Portia Van Allan was not someone Beulah could believe her mother ever knew. Wealthy, self-absorbed and other than the fact Portia was supplying special care for Beulah’s sister, Portia was cruel.
The day Portia’s son returns home for the summer, Beulah discovers that Portia isn’t in charge. This isn’t her home at all. Her late husband left her with nothing. It all belongs to their son who doesn’t seem to like his mother at all.
Jasper Van Allan doesn’t know why his mother has hired a young gorgeous blonde to take care of the house and almost lets her go before he finds out the truth.
Realizing there’s more to Beulah than a stunning face, he keeps finding reasons to be near her all the time. It’s all falling into place, it all begins to make sense . . . until the real lies, the dark secrets, and the skeletons come tumbling out of the Van Allan closet. Twisted truths that will send Beulah running . . .
Tucking them all close to me to hide them while I rode the bus home was the hard part. I had to because I was afraid someone would take them. I’d already prepared myself to hand over the necklace and chocolates first if Harriet Boyd came after my things. She was six inches taller than me and tough like a boy. I was pretty sure the bus driver, Ms. V, was scared of Harriet too.
Getting home with the pink teddy bear Davey Eaton gave me was my goal. The other presents I could part with.
Davey was cute. He was also rich and popular. I imagined the bear cost a lot. It didn’t look like the ones I’d seen at the pharmacy or grocery store all month. It was special—the kind of special I’d never gotten and would likely never get again. So, I was keeping the bear close.
Out of the three boys who gave me Valentine’s Day gifts, I didn’t like one any more than the other. All the boys were nice to me and seemed to like me. I knew that before they gave me gifts.
Momma told me not to worry about boyfriends in the third grade. But after getting the presents, I thought I might need to pick one. Maybe it would stop them from fighting over who got to sit by me at lunch.
I took a quick glance around me. I never made eye contact with Harriet if it was at all possible. Her voice was so loud, I knew she was only a few rows behind me. She was taunting someone about their hair.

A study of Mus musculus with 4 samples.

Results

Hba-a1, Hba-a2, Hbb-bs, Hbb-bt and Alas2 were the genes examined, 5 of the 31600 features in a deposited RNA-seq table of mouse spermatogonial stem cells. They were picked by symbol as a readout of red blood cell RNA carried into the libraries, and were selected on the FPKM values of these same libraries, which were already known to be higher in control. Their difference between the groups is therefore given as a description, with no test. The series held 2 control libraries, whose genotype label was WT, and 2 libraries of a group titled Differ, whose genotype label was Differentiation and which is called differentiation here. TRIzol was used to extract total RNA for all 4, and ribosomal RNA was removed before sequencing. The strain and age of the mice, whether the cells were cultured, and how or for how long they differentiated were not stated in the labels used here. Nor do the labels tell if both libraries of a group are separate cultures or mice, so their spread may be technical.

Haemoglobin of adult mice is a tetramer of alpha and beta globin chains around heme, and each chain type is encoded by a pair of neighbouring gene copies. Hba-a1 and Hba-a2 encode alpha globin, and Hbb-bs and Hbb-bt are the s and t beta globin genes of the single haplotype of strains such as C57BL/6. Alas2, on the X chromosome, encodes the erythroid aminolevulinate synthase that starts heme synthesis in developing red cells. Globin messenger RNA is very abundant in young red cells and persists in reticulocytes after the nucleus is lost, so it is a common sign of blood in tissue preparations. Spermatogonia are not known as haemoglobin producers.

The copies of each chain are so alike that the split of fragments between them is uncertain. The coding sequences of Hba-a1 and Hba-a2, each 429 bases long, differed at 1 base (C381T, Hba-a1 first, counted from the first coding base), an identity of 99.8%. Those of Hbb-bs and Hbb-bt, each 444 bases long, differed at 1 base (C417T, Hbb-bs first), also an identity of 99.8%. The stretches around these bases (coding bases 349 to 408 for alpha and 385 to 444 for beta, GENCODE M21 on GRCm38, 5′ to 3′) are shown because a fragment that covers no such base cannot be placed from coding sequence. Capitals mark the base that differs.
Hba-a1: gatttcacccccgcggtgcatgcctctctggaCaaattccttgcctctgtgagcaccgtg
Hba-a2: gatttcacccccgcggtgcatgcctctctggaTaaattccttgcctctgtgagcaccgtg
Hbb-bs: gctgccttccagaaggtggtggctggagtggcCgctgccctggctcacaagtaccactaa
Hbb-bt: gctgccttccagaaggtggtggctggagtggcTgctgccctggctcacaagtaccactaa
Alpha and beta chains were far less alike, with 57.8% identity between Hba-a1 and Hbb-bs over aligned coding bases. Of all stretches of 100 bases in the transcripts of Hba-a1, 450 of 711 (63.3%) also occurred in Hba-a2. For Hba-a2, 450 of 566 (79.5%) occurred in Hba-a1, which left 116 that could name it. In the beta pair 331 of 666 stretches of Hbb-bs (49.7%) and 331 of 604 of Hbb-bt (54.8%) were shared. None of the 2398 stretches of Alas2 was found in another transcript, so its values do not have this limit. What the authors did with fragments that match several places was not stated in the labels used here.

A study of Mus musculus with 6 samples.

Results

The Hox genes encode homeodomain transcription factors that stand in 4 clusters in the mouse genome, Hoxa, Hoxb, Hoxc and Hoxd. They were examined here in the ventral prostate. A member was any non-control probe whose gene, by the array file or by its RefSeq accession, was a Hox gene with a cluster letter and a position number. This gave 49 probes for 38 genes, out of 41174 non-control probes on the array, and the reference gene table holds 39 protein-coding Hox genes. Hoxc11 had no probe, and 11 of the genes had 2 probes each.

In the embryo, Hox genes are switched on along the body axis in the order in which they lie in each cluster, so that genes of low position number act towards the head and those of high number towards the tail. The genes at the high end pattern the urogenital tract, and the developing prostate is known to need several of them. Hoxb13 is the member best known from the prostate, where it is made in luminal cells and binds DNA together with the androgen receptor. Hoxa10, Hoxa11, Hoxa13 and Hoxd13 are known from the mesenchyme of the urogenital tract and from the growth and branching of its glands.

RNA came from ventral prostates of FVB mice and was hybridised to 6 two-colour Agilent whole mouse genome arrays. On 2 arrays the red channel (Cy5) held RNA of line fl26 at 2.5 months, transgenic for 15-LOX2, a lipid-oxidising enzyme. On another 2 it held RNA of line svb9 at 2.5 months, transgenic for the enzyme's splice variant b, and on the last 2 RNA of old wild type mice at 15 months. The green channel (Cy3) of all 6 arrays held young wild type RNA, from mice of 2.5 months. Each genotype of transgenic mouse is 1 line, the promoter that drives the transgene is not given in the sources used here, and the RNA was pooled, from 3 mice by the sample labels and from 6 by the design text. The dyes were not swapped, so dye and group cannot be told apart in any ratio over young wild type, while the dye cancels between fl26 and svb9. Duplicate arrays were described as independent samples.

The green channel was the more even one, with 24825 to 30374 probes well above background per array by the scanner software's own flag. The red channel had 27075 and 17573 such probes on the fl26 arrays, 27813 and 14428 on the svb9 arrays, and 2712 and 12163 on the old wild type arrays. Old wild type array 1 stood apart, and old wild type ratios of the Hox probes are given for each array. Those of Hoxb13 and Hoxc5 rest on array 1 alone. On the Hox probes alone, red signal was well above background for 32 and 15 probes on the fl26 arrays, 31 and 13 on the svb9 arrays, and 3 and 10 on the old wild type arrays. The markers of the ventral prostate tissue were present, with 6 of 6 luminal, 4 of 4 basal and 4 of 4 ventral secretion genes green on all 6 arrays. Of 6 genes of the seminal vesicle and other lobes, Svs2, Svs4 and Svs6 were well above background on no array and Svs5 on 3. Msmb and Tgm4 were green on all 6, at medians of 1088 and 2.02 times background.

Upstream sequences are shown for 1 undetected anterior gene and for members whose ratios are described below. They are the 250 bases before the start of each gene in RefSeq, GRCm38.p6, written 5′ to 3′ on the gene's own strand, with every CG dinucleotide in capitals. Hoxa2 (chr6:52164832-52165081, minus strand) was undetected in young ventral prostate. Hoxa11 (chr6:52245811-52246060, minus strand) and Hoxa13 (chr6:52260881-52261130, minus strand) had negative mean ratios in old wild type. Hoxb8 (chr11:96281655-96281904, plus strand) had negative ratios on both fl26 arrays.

My bus stop was next. I needed to make it to my stop, and then I’d be free. Safe from her bullying and possibly stealing my gifts.
Harriet hadn’t bothered me too much this year. There was a girl who sat three rows back on the bus that had red hair and her teeth poked out a little too far in the front. Harriet was mean to her. I wished I was bigger. Or older. That way I could take up for the girl three rows back. But I was smaller than Harriet, and younger. Nothing I said would sway her. And today I had a teddy bear that needed to get home safely.
The bus slowed to a stop in front of my trailer park.
I made it.
I glanced back at the girl Harriet was harassing. I wanted to say something to help the other girl. But the bear in my hands kept me from doing anything. Not that anything I could have done would have helped anyway.
I quickly exited the bus, hurrying down the gravel road that was lined with oak trees and random empty beer cans. The grass was overgrown, and there were ant beds piled high on both sides of the road. I didn’t study any of it long because I was in a hurry.
The blue single-wide trailer that I called home was faded from the sun. I’d imagine it was pretty at one time, but that had to have been years ago. Now it was old, and most of the siding was broken or missing. Momma said the trailer was all she could afford in rent. It had window units that cooled us in the summer, and we had a cranky heater that warmed us in the winter. The roof worked just fine. I figured we had it good.
When I stepped onto the overgrown grass in front of our trailer, the front door swung open.
“Beulah!” My sister’s high-pitched voice carried across the yard when she shouted my name.
Heidi didn’t go to school yet, even though we were only three minutes apart in age. Momma said she would be ready for school in a few years. I’d worried a lot that Heidi would never start, but Momma said there were special classes for her. I hadn’t seen these special classes and hoped Momma was right.
“I have you a surprise,” I told Heidi as I met her halfway when she ran out to hug me like she did every day. Heidi was my favorite person—even over our momma. She was happy no matter what. She loved you even when you were having a bad day and acted ugly. She was the perfect person and I wished everyone was like Heidi. I wondered why Momma said she was slow and she didn’t fit in with everyone else.